BBB Includes Funding Boost for Farm Conservation Programs


GREENE, Iowa -- The proposed Build Back Better bill is getting attention for a host of funding possibilities, including one area flying under the radar: sustainable agriculture.

Programs to reimburse farmers for adopting environmentally friendly practices could see benefits. The Biden administration's proposed public spending package includes $13 billion for the Working Lands Program, which provide financial and technical assistance to help farmers reach their conservation goals.

Kalee Olson, policy associate at the Center for Rural Affairs, describes the programs as underfunded and oversubscribed. She pointed out it creates tough choices for producers waiting for reimbursement approval.

"For some farmers, it can be a gamble on whether they want to go ahead and, say, plant cover crops, and hope they'll be accepted into the program and be partially reimbursed," Olson explained.

Supporters of the programs say more waiting periods or lack of funds might scare off future applicants who don't want to take on the risk. Despite some gains over the past decade, only a small percentage of Iowa farmland is planted with cover crops.

The Biden plan has won House approval, but faces obstacles in the Senate, with some members saying it is too broad in scope and too expensive.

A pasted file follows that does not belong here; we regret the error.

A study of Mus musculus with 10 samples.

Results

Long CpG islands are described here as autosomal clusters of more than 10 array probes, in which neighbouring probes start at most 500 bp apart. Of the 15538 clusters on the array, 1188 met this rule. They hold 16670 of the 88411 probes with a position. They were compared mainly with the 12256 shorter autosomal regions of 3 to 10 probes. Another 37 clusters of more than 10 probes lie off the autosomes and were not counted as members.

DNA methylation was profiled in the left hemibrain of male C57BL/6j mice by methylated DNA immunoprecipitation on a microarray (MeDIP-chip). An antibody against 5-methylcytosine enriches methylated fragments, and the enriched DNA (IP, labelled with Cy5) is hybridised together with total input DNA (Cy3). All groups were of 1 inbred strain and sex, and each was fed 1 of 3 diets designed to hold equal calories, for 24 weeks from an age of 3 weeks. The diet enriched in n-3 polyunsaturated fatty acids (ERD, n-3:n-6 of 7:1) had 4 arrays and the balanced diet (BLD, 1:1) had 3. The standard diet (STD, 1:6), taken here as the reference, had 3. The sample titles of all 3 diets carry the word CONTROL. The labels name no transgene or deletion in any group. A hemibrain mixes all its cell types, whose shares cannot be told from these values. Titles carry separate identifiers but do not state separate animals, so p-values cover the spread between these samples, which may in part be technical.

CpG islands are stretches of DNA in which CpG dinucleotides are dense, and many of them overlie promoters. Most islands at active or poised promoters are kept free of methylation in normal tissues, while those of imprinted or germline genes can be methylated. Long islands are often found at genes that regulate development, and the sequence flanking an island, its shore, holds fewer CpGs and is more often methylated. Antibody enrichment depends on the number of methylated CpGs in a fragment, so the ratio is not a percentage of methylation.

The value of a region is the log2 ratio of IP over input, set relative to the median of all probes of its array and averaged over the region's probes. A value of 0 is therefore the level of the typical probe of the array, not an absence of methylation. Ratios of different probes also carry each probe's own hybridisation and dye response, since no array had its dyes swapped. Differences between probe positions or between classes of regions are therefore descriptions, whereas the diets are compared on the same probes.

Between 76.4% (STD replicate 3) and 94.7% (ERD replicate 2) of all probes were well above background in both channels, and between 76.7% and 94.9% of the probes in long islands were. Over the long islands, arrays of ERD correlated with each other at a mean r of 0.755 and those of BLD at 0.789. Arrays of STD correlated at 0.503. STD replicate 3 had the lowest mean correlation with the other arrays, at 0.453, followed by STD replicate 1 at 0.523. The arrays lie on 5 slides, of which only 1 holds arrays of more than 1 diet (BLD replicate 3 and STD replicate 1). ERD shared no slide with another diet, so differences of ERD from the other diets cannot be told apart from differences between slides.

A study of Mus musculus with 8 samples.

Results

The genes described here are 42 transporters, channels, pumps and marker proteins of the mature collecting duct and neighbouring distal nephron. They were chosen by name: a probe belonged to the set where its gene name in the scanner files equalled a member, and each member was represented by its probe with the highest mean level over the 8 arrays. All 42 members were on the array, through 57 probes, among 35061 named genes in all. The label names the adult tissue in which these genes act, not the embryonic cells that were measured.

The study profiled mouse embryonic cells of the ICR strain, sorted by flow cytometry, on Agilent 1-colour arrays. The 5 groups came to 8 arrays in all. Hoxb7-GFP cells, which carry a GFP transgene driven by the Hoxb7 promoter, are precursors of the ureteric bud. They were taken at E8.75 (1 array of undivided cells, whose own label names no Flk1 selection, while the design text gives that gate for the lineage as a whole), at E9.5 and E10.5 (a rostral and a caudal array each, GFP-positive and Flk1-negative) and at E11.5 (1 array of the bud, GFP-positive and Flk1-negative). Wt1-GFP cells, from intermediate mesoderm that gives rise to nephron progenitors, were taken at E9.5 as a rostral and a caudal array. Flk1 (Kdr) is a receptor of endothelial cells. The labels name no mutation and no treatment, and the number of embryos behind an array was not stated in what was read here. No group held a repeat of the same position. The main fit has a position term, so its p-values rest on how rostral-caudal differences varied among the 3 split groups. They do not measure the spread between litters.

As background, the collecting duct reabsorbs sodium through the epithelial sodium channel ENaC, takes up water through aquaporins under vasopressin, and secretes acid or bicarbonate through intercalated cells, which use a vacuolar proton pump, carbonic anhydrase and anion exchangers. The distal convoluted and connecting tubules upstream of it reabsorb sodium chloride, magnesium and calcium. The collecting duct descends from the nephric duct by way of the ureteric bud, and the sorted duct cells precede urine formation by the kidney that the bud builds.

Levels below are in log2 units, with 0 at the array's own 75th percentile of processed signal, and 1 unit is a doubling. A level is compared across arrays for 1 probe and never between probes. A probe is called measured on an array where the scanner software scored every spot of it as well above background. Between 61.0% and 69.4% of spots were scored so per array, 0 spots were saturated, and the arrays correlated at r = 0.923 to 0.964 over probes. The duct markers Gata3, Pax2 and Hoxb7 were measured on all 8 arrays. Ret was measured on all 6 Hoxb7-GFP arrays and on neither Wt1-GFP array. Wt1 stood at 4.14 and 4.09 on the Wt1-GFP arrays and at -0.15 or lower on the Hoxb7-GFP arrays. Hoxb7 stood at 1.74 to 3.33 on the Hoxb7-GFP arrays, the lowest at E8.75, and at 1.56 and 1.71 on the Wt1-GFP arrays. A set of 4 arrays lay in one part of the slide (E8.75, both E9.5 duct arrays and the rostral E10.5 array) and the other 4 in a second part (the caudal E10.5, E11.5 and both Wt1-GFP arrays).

Mike Ruby, a farmer in Greene in the northern part of the state, has been planting cover crops for about 15 years. He said he has never had issues in applying for cost-sharing aid through the Conservation Stewardship Program, but feels a funding boost could attract other farmers who are not ready to take the leap.

"I think it would be definitely beneficial for the ones that haven't been trying to entice them to giving it a try," Ruby contended.

According to the annual Iowa Farmland Ownership and Tenure Survey, farmers who are reluctant to plant cover crops cite reasons such as costs, as well as not having enough time. But longstanding program enrollees say these practices can help improve soil health, which eventually improves a farmer's bottom line over time.

Disclosure: Center for Rural Affairs contributes to our fund for reporting on Budget Policy and Priorities, Environment, Hunger/Food/Nutrition, and Rural/Farming Issues. If you would like to help support news in the public interest, click here.